It’s the time of year when candidates seem to compete to see who can run the most TV ads telling voters as little as possible.

Lately the two major party candidates for Connecticut governor, Democrat Ned Lamont and Republican Bob Stefanowski, seem to be about tied in ad expenditures or expenditures on their behalf.

They are not by any means the only candidates appearing on state video screens, of course. In Connecticut’s 4th Congressional District, Republican challenger Harry Arora, an immigrant and self-made multimillionaire, is using dozens of TV spots as part of his challenge to incumbent Democrat Jim Himes.

Harry Arora, 4th District Republican challenger.

Lamont, a self-funding candidate, apparently has more money to work with than does Stefanowski, who has also pumped millions of his own money into his campaign. (You can check out a lot of campaign finance information on many candidates with this new CTMirror database.) Lamont also seems to have the lead in the polls, especially among women.

Of course the amount of campaign spending has little relation to the qualifications of the candidates, and this year the differences in outlook are making themselves clear every day. Lamont, for example, is promoting women’s issues like paid family leave and a $15 per hour minimum wage, while Stefanowski prefers to emphasize the need to reduce government spending and taxes.

They typically disagree on most issues, but see things pretty much the same when it comes to bailing out the state’s ailing municipalities – as does independent gubernatorial contender Oz Griebel.

Independence from a political party, incidentally, is popular in Connecticut, where the largest portion of registered voters is unaffiliated. A surge in new voter registrations is continuing that trend.

Davon Elfemire, center, talks to Gov. Dannel P. Malloy and Commissioner Scott Semple Pool photo by LAUREN SCHNEIDERMAN / Hartford Courant

Another trend — one that concerns health officials — is the dramatic increase in the number of high school students who are vaping, perhaps thinking that their e-cigarette is safe. In any event, the majority of Connecticut health care systems appear to be healthy, having finished the fiscal year in the black.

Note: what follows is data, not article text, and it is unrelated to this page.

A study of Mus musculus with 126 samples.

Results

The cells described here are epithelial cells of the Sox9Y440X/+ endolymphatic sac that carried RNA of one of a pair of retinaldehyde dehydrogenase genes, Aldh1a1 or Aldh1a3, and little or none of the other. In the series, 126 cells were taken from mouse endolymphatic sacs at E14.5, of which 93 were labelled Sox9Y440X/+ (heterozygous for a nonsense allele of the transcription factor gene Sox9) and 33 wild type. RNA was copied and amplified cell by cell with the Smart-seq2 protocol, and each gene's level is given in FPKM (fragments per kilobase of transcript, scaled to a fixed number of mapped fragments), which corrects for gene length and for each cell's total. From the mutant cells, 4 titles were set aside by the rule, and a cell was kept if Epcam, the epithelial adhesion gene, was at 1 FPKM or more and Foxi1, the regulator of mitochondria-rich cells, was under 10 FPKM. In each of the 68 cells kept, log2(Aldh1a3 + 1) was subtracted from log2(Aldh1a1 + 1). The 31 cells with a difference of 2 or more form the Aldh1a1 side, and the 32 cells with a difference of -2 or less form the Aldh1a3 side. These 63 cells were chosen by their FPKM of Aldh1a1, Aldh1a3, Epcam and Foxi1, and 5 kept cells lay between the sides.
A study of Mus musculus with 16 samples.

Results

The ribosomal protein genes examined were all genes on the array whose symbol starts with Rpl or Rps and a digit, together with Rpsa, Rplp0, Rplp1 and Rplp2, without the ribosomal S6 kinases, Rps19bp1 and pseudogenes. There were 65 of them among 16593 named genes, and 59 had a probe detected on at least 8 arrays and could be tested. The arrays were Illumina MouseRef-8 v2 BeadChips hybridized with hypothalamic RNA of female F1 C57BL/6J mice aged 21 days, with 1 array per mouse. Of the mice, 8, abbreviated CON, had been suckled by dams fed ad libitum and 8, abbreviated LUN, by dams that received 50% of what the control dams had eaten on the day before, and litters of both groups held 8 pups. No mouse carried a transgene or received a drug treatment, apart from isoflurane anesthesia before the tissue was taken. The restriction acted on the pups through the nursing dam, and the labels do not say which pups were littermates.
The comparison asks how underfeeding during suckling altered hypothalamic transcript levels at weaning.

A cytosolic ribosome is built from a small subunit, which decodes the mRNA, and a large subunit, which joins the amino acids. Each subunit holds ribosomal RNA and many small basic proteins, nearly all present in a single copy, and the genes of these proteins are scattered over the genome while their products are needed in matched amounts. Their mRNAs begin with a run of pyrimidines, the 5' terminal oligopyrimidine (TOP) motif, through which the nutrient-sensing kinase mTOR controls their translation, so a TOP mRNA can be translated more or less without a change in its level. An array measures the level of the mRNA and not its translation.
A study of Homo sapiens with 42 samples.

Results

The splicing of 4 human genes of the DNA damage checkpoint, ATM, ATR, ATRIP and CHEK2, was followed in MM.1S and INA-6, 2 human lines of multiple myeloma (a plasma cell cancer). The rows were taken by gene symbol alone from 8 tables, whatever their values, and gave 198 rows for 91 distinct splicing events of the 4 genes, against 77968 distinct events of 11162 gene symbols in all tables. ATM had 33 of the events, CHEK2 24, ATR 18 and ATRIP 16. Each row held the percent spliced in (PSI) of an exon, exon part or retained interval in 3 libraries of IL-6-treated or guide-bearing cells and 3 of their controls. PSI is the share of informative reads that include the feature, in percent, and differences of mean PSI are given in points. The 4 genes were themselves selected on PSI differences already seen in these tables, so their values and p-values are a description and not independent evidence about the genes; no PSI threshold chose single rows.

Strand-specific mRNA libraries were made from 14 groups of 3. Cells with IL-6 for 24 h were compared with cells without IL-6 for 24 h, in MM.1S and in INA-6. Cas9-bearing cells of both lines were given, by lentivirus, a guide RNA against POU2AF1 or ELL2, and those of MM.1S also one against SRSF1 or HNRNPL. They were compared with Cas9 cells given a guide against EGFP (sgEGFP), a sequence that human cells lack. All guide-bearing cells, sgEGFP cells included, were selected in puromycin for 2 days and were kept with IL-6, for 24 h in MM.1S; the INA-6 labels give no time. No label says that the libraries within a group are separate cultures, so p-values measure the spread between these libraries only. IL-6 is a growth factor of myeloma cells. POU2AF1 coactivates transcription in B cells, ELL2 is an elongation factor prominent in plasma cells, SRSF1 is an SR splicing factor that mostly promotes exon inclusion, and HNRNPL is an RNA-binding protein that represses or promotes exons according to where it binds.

And in another healthcare industry development, the Department of Justice gave the go-head to pharmacy giant CVS’s acquisition of the Aetna Inc.

In Washington, D.C. President Donald Trump’s views about criminal justice reform seemed to have something in common with what Gov. Dannel Malloy has been advocating for a long time.  Malloy continued pushing that issue in a prison reform conference live-streamed from Cheshire Correctional Institution.

Sen. Richard Blumenthal, meanwhile, in an echo of his former capacity as State Attorney General, asked the Federal Trade Commission to investigate Google’s failure to disclose exposure of some of its data to outside vendors.

Speaking of criminal justice, Shawn Henning and Ralph Birch are asking a court for some reform concerning their conviction on murder charges more than 30 years ago.

Paul has more than 40 years of reporting and editing experience at newspapers in New Jersey, Florida and Connecticut. He worked 22 years at the Hartford Courant in various editing roles including as deputy state editor, assistant editor of Northeast Magazine, and as an associate editor at Courant.com. He earned his bachelor’s degree from Rutgers University. A trained chef, he and his wife own and operate a bed and breakfast in an historic home in Mansfield.